For Jo and Mat, their whole world is their space ship, a great, living creature that swims through space. While their astronaut overlords do god knows what up in the control room, it's Jo and Mat's job to clean and care for the ship. But in the isolation of space, Jo makes an unexpected friend, one that threatens to destroy the ship that serves as both his home and his mother.
Sophie Goldstein's melancholy Mother Ship Blues is a short webcomic story, just 40 pages long, but in that span, Goldstein manages to fully convey the strange and sad universe in which Mat and Jo live. They are the grunge workers on this great, moving whale, and their life is filled with mysterious rituals: pills taken in the morning and daily reports on their emotions. They share the ship with Carla and Rick, a pair of astronauts always invisible inside their spacesuits. While Carla and Rick inhabit the relative sterility of their control room, Mat and Jo creep through the lush organic interior of the ship, cleaning its guts and tending to its bizarre ecology. But Jo has difficulty comprehending the reality of the ship—that an entire universe exists outside of it—and his role aboard it. In a fit of loneliness, he lets a parasite invade the ship, an error with disastrous consequences.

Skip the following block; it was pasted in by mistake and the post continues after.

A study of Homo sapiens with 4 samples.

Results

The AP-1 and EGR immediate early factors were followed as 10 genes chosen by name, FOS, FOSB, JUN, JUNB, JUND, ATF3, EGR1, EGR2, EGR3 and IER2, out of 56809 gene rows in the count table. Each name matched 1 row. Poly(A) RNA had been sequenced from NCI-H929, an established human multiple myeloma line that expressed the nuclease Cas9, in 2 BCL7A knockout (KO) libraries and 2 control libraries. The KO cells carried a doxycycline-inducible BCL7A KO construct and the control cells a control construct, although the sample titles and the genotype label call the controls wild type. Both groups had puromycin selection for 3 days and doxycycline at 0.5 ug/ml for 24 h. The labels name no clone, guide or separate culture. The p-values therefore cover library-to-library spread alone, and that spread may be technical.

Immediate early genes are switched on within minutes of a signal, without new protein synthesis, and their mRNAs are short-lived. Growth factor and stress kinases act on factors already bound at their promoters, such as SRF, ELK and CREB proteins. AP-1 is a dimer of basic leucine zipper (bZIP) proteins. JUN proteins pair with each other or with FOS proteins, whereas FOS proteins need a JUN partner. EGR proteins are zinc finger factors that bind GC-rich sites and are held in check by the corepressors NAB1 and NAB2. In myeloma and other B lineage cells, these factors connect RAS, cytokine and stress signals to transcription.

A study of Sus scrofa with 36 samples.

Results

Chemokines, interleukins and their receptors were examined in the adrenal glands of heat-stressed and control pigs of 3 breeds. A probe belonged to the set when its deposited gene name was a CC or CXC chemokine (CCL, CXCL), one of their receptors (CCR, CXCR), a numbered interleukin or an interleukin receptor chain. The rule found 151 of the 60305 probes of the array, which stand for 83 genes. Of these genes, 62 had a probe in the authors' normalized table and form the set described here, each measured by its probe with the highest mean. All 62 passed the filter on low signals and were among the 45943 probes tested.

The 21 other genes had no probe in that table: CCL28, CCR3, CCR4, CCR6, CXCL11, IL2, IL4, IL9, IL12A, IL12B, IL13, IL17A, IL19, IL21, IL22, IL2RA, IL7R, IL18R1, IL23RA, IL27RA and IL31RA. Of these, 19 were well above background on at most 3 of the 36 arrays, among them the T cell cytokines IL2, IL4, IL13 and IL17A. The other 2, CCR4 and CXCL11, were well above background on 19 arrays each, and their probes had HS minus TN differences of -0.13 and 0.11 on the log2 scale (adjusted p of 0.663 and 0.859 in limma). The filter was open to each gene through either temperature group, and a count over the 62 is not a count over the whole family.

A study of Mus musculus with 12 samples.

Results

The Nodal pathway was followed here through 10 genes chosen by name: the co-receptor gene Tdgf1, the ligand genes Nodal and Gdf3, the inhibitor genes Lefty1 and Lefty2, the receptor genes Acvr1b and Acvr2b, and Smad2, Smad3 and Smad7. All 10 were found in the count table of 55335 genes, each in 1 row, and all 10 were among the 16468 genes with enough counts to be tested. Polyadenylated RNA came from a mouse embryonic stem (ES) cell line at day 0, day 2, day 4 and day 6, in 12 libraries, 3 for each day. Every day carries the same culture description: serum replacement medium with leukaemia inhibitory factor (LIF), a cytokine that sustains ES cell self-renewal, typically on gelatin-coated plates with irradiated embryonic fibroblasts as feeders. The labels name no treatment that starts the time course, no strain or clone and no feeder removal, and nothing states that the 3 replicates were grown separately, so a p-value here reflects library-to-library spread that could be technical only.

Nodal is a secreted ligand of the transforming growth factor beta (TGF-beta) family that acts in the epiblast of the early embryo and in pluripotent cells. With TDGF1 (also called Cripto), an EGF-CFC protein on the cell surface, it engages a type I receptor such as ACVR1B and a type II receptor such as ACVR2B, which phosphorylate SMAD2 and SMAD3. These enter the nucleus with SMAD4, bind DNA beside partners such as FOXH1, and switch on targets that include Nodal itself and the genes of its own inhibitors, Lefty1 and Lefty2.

Goldstein is the artist and co-creator of the brightly colored (but similarly doom-obsessed) Darwin Carmichael is Going to Hell, and she moves wonderfully from the dingy apartments of her supernatural Brooklyn to the gloomy environment of her living ship, filled with intestinal fungi and wriggling villi. She also manages to tell a tale that captures the smallness of life aboard a ship—where the people you see every day can still be strangers—while also recognizing the vast emptiness of space.
The story gives us hints of a larger world, but like Jo, we never fully understand what goes on in that world. What's the purpose of the ship? What has happened to the people on board in their lives? Why must Jo log his emotions each morning? But those questions are beyond Jo's existence. Instead of building out the details of her world, Goldstein focuses in on Mat and Jo and their intense emotional lives. It makes her world feel no less real, but instead connects us deeply with her characters and the desperate choices they make as their ship begins to die.